At Leonardo Felix’s house, his wife and his mother-in-law sing a gruesome lullaby to his young child, about a horse that dies of thirst because it refuses to drink the water in a river. Leonardo enters, having come from the blacksmith, where his horse was being reshod. He complains that the horse always needs new shoes, although Leonardo rarely rides him. Leonardo’s Wife remarks that a farmwoman saw Leonardo riding on the outskirts of town yesterday, and asks Leonardo what he was doing there.
Leonardo denies that he rode so far away—he has no reason to. The Wife remains skeptical, though, especially since the Mother-in-Law saw Leonardo bring the horse back “in a lather” (12) that evening. Eventually the Wife lets it go, offering Leonardo a lemon drink and telling him the exciting news—her cousin is getting married. The Bridegroom’s Mother is said to disapprove of the wedding, which Leonardo finds understandable. As he puts it, “that girl has depths.” (13) The Mother-in-Law mutters that Leonardo should know, since for three years he “knew” the Bride before he knew his current Wife.
A Girl who works in the clothing store rushes into the house, excited to gossip with the Mother-in-Law about the expensive wedding clothes that the Bridegroom and his Mother have bought for the ceremony. Apparently, the upcoming wedding is “a marriage of two fortunes.” (14)
Leonardo, who has not been listening, asks the Girl what she is doing at his house. She announces that she came to tell him about the finery the Bride’s fiancé has bought for her. “What makes you think we want to know that?” (14), he demands angrily. The Girl sobs and runs away, and his Wife and his Mother-in-Law reprimand him for being so rude.
The Wife observes that Leonardo has been testy lately, and earnestly pleads with him to tell her what is wrong. However, he avoids the question, snapping at his mother and yelling at his wife to shut up before storming out. As he leaves, he wakes up the baby. The Wife and Mother-in-Law resume singing the disturbing lullaby.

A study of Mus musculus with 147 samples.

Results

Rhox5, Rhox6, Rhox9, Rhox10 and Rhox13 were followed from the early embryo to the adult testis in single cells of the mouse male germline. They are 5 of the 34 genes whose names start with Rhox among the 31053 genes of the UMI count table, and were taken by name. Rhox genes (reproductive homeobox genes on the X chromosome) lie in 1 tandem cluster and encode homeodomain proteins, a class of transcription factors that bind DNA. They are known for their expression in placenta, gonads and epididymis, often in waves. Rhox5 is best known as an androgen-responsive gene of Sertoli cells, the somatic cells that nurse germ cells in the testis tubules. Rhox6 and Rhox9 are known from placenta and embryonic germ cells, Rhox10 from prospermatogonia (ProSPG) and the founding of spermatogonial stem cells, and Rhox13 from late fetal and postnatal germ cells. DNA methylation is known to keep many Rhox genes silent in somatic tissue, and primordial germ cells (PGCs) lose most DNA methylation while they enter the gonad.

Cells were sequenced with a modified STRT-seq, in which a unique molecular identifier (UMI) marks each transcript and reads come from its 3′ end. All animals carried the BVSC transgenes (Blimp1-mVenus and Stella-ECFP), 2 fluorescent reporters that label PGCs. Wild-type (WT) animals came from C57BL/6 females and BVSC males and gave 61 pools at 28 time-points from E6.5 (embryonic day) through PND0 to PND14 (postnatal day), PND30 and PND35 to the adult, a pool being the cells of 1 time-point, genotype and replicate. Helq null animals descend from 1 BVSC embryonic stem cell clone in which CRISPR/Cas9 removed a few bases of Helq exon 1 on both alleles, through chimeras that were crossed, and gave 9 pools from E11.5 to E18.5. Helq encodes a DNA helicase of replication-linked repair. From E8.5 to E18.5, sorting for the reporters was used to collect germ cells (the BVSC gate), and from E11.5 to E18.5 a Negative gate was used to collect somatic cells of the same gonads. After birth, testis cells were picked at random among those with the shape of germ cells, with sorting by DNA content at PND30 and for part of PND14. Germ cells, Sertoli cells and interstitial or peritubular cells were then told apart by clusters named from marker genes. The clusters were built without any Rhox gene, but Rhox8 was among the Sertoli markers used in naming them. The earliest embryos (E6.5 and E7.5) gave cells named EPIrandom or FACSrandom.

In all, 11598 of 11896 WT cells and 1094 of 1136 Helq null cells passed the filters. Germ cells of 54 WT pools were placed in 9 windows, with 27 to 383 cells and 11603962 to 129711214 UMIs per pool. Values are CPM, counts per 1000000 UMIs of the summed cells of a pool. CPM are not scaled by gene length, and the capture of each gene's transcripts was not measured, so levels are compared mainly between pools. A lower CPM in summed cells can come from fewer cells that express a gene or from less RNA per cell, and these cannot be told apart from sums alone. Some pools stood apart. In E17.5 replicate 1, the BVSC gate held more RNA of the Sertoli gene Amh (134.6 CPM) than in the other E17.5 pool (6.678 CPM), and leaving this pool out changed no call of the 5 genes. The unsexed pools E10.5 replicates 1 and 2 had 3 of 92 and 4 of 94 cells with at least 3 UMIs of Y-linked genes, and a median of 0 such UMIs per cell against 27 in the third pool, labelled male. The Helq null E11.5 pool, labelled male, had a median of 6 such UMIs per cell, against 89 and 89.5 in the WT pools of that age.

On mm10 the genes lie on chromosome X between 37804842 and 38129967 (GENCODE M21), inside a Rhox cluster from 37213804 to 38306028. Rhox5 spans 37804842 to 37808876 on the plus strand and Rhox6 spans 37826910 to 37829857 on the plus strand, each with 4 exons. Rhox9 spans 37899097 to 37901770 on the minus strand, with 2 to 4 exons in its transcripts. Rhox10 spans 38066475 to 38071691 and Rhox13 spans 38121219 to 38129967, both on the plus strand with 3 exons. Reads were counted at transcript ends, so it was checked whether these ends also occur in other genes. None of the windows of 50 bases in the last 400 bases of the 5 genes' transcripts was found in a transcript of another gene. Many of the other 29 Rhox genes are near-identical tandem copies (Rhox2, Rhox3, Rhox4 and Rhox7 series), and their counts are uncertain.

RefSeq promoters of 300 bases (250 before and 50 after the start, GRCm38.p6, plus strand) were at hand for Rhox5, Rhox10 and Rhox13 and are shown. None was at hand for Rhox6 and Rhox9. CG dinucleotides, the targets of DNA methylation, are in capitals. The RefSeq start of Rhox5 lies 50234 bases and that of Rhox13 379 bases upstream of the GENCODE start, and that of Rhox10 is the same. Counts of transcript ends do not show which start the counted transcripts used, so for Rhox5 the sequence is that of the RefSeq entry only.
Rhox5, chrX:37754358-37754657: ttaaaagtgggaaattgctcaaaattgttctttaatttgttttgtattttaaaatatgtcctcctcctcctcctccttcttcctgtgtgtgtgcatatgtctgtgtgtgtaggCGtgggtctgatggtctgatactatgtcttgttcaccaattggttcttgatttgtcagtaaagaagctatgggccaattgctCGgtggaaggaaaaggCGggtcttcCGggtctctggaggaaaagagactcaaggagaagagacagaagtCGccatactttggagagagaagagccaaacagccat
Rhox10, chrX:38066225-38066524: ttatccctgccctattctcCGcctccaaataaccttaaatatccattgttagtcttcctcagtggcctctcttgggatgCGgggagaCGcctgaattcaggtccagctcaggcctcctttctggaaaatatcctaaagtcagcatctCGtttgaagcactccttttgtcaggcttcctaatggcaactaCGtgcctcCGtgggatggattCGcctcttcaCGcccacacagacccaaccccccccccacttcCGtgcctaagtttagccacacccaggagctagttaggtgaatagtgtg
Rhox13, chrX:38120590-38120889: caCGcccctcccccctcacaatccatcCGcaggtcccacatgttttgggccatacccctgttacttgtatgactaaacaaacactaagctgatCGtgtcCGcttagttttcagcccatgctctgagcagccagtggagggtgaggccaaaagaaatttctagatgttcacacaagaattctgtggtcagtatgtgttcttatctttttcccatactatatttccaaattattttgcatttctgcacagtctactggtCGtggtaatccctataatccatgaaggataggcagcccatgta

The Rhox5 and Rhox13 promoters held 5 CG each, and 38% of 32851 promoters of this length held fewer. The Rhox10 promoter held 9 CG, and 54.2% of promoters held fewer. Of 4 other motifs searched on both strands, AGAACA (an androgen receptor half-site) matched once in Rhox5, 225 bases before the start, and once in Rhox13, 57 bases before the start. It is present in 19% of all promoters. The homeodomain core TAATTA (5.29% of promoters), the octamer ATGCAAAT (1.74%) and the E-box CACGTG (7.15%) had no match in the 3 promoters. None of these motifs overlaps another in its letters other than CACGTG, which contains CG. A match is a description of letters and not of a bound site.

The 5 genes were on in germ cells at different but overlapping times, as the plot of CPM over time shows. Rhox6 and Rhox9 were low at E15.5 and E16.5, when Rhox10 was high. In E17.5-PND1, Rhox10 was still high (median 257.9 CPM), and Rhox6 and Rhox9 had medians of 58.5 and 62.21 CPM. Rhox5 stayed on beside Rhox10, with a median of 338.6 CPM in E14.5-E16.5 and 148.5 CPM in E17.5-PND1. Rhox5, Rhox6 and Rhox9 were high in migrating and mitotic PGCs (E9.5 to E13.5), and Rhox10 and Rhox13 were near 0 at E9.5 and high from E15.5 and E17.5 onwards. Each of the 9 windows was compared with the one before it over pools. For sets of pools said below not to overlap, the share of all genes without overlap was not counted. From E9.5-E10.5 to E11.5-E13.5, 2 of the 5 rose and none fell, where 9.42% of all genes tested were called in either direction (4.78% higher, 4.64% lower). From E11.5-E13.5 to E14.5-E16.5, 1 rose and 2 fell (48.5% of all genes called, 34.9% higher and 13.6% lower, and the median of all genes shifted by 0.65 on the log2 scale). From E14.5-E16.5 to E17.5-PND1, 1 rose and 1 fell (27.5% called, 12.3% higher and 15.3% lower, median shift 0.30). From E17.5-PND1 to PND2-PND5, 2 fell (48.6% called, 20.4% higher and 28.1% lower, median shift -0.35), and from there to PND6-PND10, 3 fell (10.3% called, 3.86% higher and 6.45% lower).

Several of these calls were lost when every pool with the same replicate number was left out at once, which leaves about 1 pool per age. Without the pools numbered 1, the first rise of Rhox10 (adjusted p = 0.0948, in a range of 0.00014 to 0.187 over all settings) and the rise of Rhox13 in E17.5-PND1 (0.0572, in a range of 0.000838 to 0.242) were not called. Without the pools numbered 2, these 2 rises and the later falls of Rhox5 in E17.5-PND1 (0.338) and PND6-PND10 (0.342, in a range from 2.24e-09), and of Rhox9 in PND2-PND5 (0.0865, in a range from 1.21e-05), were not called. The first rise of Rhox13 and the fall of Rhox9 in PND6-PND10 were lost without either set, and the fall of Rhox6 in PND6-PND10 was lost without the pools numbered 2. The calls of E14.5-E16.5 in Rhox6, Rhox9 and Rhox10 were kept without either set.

This brief scene emphasizes the differences between the Bridegroom’s home and the Felix household. Unlike the stark loneliness of the Bridegroom’s home, haunted by the memories of his dead father and brother, the Felix household is full of chatter and action, with a new baby and in-laws all living together. Unlike the Bridegroom’s family, the Felixes live with the oldest and youngest generations in the same household, suggesting that they are more susceptible to antiquated ideas about marriage, violence, and the conflict between families.
This scene also introduces lyric and poetic dialogue, which will become more frequent as the play progresses. In this instance, the lullaby lyrics do not comment directly on the action, but rather serve to establish a sinister, atavistic mood that contrasts sharply with the cheerful, logical conversation between the Bridegroom and his mother. The obstinacy of the horse, which dies rather than drink from the large, cold river before it, has its parallels in the behavior of Leonardo and Mother, neither of whom are really willing to put the family conflict aside so that the Bride and Bridegroom can be happy together.
As in the previous scene, Lorca hints at the financial situation of Leonardo’s family rather than revealing it outright. The Wife’s concerns about grain prices and about whether she will be able to buy a cap for her baby are a dramatic departure from the attitude of the Bridegroom’s Mother, who is more concerned about safety than money when he announces he is going to the vineyards. It is impossible to know from the preceding scene that the Bridegroom’s family is rich, since he and his mother are simply unconcerned about money.
However, the dire financial worries of Leonardo and his Wife suggest that they were once wealthy but have fallen upon hard times; they are concerned because they are unused to living in reduced circumstances. This reading is confirmed by the Girl, who rushes to tell the Mother-in-Law about the Bridegroom’s lavish purchases. Unlike the Bridegroom’s Mother, who knows nothing about her son’s fiancée, the Mother-in-Law is the first to hear new gossip, suggesting that she retains a high social status despite her family’s precarious finances.
The peculiar nomenclature that Lorca develops for his characters continues to merit scrutiny. Of the notorious Felix family, only Leonardo is named; his Wife and Mother-in-Law are only referred to in relation to him. This is particularly significant since, even if Lorca was determined not to name these characters, he could still have referred to them as the Bride’s Cousin and the Bride’s Aunt, respectively. By defining them by their relationships to Leonardo, he foreshadows the young man’s social status and destructive power. This decision also emphasizes the subjugation of women to men in this society; although the women would prefer bucolic lives of embroidery and farming, their wishes are ignored so that the men can pursue their insatiable appetites for action and violence.